Hawkins Held Hostage
Thu March 1, 2007 11:40 pm

The focal point in the battle over the governor’s power to make policy through executive orders is Albert Hawkins. His renomination to the position of executive comissioner of Health and Human Services is now held hostage by the Senate Nominations Committee. Republican senators want Perry to rescind his order mandating that sixth-grade girls receive the HPV vaccine, and the implicit threat is that if he does not, they will not vote to confirm Hawkins. They don’t have to vote him down; they can elect to leave the nomination pending. In the event that the session expires without any action on his nomination, the appointment is dead. Either way, Perry suffers a defeat. The obvious solution is for the governor to embrace Dennis Bonnen’s bill making the vaccine optional rather than mandatory. Otherwise, he will lose this fight.

The exchange in Nominations between Eltife and Hawkins is representative of the resistance to Perry in the Senate. Here is a shorthand version:

Eltife: I want to focus on the executive order mandating the HPV vaccine. How long will your rulemaking process take.

Hawkins: The Administrative Procedure Act sets out the procedure.

Eltife: How much money will it cost?

Hawkins: The estimate for GR is $13 million per year, plus vaccine for the children’s program, another $64 million.

Eltife: Is that money in your budget?

Hawkins: $64 million in federal sources and available in budget.

Eltife: Do we have a statute? Does an executive order create a statute?

Hawkins: The order is based on existing state law.

Eltife: Don’t the rules say that executive orders should be based on an emergency?

Hawkins: There are statutory provisions allowing us to adopt rules on immunizations.

Eltife: An executive order is for an emergency. Do you believe we are in a state of emergency, to mandate that every child in sixth grade needs that emergency?

Hawkins: I don’t think a simple yes or no answer would do justice. The governor has determined an emergency.

Eltife: I don’t care what the governor thinks. I want to know what you think.

Hawkins: I don’t have any reason to question the determination that has been made.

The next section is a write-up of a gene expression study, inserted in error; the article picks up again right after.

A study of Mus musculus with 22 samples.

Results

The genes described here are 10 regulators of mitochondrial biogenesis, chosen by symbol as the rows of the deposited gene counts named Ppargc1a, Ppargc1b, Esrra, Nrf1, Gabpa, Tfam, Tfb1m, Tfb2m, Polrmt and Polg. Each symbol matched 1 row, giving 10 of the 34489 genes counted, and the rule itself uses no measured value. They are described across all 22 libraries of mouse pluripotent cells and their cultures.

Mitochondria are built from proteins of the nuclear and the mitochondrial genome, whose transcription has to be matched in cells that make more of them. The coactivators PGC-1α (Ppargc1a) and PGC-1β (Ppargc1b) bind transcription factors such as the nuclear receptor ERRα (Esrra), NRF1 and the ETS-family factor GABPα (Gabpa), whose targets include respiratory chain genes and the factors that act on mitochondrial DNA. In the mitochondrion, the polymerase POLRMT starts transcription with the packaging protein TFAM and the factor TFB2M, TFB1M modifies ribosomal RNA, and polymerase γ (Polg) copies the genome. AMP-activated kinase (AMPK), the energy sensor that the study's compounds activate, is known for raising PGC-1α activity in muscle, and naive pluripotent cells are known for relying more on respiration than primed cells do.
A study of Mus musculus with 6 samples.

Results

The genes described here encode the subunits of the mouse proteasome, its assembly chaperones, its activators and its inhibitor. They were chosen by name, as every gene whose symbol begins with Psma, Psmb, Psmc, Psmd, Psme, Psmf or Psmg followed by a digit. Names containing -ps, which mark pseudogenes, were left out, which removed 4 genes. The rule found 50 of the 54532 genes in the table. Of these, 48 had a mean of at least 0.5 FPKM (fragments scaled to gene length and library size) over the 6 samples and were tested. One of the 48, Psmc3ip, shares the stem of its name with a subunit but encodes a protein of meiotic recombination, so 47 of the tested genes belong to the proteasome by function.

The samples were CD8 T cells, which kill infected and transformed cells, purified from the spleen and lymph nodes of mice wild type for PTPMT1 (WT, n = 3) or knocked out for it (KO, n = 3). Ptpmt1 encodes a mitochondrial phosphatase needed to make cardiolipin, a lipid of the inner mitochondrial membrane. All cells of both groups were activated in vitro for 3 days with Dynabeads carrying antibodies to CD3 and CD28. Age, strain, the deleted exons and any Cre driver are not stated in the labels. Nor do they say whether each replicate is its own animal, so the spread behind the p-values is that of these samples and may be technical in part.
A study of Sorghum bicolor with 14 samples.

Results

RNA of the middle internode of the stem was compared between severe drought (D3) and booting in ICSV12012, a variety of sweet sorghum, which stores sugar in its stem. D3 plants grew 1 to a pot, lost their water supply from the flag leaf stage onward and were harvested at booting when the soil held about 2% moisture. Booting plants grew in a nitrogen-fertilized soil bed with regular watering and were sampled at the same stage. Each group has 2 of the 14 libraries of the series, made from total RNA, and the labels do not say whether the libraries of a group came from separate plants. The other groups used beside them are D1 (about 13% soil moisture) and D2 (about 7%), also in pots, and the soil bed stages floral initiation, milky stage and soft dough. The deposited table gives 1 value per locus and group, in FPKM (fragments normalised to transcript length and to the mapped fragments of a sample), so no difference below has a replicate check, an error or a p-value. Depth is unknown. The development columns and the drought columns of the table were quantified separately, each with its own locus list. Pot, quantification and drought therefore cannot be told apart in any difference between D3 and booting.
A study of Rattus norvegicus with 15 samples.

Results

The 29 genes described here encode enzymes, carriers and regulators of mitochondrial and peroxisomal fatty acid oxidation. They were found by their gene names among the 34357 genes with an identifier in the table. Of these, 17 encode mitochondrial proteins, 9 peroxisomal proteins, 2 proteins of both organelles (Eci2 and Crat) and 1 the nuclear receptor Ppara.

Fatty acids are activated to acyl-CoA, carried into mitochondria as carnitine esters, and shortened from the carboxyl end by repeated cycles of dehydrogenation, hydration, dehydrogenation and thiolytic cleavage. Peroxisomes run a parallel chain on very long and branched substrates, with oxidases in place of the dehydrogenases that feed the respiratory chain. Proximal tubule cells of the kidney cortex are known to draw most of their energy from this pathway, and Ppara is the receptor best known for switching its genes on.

Eltife: You are commissioner of health. How can I vote for your renewal if you can’t say whether it is an emergency or is not an emergency?

Hawkins: [waffles]

Eltife: As commissioner of health, would you have asked for executive order?

Hawkins: [waffles]

Eltife: I came here prepared to vote for your confirmation All I want to know, is this an emergency situation.

Hawkins: The rulemaking process would be a key factor in determining whether this was an emergency.

Eltife: Yes or no.

Hawkins: I am sorry, I am unable to answer that question.

[Chairman Jackson asks a few questions.]

Eltife: I’m going to try one more time. It’s hard for me to believe that the commissioner of health for this state cannot tell me whether HPV has risen to the state of an emergency or not. Can you tell me or not?

Hawkins: No I can not.

Eltife: If you can’t tell me, I can’t support your nomination.

Nelson followed by asking Hawkins to rank the top five most critical health issues facing Texans today. Hawkins mentioned the plight of the elderly and disabled, the need to broaden coverage of Medicaid and CHIP, addressing needs of the uninsured, payment rates established for providers … but Nelson interrupted: She wanted to no the greatest threats to individual health and where cervical cancer ranked. It was clear that the critics’ legal position is that the governor can’t compel agencies to act in the absence of an emergency, and cervical cancer (377 deaths last year, according to Nelson) does not give rise to an emergency that would justify a mandatory vaccine program.

Hawkins position was that his agency has been granted statutory authority over immunizations through the rulemaking process. The executive order, as he saw it, did not require the agency to provide the vaccine: “I do not understand the governor’s executive order to eliminate discretion in the rulemaking process. As that process proceeds, it will take into account public concerns. I cannot predict for you what the outcome of that rulemaking process would be.” Well, maybe he can’t, but the senators are pretty sure they can. That’s why the Legislature will likely act to nullify the executive order.